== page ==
A Great Convergence

Original rood painting/relief at St Mary's, Breamore

I love this stage of a book so much, when isolated ideas start to attract each other like magnets, and the space between them gets churned up with the movement and exposes new and unexpected ideas. Tuesday was almost a perfect day for me. It started with peanut butter on toast and hot tea for breakfast (okay, that’s what I have every day, but still…), then we drove out to West Kennet long barrow and went inside a neolithic tomb, then we went to Avebury and wandered around standing stones, then just as we pulled up back at our cottage it started snowing (zomg!). This was all followed by an afternoon reading, celebrating my son losing his front tooth, and finally a long writing session where a whole bunch of ideas came together beautifully and I surprised myself by completely changing the direction of my narrative with one small detail and oh oh oh I can’t tell you any more than that save to say I’m pretty bloody excited.


The 10th-century Exeter Book, open to the first lines of the poem Widsith

Being here in England has been incredibly inspiring. I have been chasing Anglo-Saxon sites all over the south of England, because that’s roughly the time period my story is drawing ideas from. After the British Museum and Sutton Hoo, I went to the recreated Anglo-Saxon village at West Stow and sat in a little wooden hut with an open hearth pit and no chimney and realised just how smoky life was. On the way down to Rye to meet friends, we detoured to Maldon and sneaked down a muddy side road on somebody’s farm to see the site where the famous battle took place in 991. To see the causeway at low tide, and imagine the vikings just over there on Northey Island while Byrthnot and his army waited, blew my mind. Then I heard about a pre-conquest church at Breamore, just south of Salisbury, so we stopped there on the way up to Wiltshire. It was incredible, with original long-and-short brickwork, splayed windows, an original relief of Christ on his rood, and an Old English inscription above the door. Today, we stopped off in Exeter to view the Exeter Book at the cathedral library (“The Wanderer”, my favourite Old English poem, is in it; along with many other very famous works). We found our way into the bowels of the building and some lovely volunteers got out the keys, with all due gravitas, and unlocked what looked like some kind of nuclear-holocaust-resistant cabinet. Under glass, there it was, open to the front page of “Widsith”.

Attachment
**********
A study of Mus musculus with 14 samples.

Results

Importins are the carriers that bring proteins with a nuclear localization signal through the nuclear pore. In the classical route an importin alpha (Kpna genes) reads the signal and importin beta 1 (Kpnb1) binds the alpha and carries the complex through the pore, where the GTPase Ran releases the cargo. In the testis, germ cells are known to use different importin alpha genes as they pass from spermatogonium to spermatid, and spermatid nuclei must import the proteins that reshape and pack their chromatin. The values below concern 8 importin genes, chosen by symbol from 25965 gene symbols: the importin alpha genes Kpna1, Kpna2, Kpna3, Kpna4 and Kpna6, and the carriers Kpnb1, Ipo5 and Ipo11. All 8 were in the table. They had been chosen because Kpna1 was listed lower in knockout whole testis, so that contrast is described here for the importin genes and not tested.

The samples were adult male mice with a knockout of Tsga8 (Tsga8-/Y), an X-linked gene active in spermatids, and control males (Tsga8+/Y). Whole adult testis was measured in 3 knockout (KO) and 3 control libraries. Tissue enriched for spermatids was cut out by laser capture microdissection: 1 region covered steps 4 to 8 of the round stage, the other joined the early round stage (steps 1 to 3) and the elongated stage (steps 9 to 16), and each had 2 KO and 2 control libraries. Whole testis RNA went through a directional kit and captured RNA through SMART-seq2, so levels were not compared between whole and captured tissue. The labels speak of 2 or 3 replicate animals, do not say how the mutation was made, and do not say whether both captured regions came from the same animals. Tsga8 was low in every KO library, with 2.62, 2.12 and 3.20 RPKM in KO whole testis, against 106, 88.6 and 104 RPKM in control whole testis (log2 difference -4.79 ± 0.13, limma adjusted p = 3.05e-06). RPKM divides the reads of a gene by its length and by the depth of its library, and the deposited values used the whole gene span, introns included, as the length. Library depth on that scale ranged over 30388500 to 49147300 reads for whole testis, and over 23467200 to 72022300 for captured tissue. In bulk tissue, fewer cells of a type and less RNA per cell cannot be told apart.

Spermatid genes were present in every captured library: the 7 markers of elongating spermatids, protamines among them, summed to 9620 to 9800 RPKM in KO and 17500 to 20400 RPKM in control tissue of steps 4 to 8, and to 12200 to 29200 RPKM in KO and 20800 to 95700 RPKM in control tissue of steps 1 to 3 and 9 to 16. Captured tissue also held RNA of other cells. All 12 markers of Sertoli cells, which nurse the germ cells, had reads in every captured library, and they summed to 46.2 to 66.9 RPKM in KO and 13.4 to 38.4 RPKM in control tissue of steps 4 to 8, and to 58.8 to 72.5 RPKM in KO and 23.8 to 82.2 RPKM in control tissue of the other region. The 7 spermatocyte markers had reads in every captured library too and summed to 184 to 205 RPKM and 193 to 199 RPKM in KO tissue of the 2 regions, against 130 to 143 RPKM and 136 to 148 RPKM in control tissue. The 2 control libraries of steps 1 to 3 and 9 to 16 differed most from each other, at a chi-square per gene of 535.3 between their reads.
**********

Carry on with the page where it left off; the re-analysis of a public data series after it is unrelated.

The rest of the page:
Can you see how hard I'm working? By the picture window in our cottage in Wiltshire.

And all of it, all of it, seeping into my imagination and making things grow madly like they grow in jungles. Vines. Monkeys. The lot. (Note: the monkeys are metaphorical; there are no monkeys in my book).

Thyrsland isn’t England. I know that now. I am writing fantasy, not historical fiction. I’m not researching for facts, I’m researching for inspiration. Many people have drawn inspiration from medieval things for their fantasy, so my ethics of medieval inspiration is as follows: I promise to use Anglo-Saxon ideas carefully, coherently, and lovingly; while always remembering that a story does not exist to keep finnicky purists from writing letters of complaint. A story exists because a writer got passionate-and-crazy-mad for some wild shit and just couldn’t stop herself from writing about it.

Sutton Woo-Hoo!

I’m still trying to get my head around the idea that I am all the way across the other side of the world. England is damp and green, with layers and layers of history crammed into tiny spaces. It is also hilariously small. Every time I plug an address into the GPS and it tells me I’ll be there in less than an hour, I actually laugh.

This week, I went to Sutton Hoo, the Anglo-Saxon burial ground where, 70 years ago, an untouched 7th century ship burial was discovered. The burial ground is covered in grave mounds, and I walked among them trying to feel something. I don’t know what I was trying to feel. I had so much riding on this visit, I was bound to be disappointed. My kids were being noisy, there was a loud tractor hedging nearby, and a big guided tour seemed to get in every photo I took. And then… Mirko took the kids off (there was much talk of impending wees on the video footage when I watched it again this evening), and the tractor faded into the distance, and the guided tour moved away, and there were a few quiet moments: the wind rose off the estuary and shivered across the long grass, and a gull squealed, and my blood sped as if a door had opened and the past was right there with me. Just for a moment. Then the door shut again and the tractor noise was back and I had a family to find, but it was enough.

Now I’m sitting here in a warm little cottage on a wet Suffolk evening, drinking a glass of wine and listening to Hammock and working on my story. A thousand words came out without my really intending to write anything, so that’s a good sign. I’ve been stuck with this story for a while. Expectations too high. But there’s something about paying thousands of dollars for a research trip that galvanises you. That and the occasional door opening somewhere, and letting a little bit of mystery through. Hu seo þrag gewat, agenap under nihthelm, swa heo no wære.

I love my boss

My boss is so cool. She sent me on this all-expenses paid trip to England to come up with ideas for my new fantasy series. I love her so much. Look where she sent me today! “Go see the Staffordshire hoard,” she insisted. “Get some ideas.” Sure, she’s a slave driver the rest of the year, demanding I meet deadlines, expecting way too much of me, always being overly picky. Nothing’s ever quite perfect enough for her, and she gets me to work at all hours of the day and night. But when you’re in lovely, rainy, Christmassy London looking at Anglo-Saxon treasures, it’s easy to forgive her.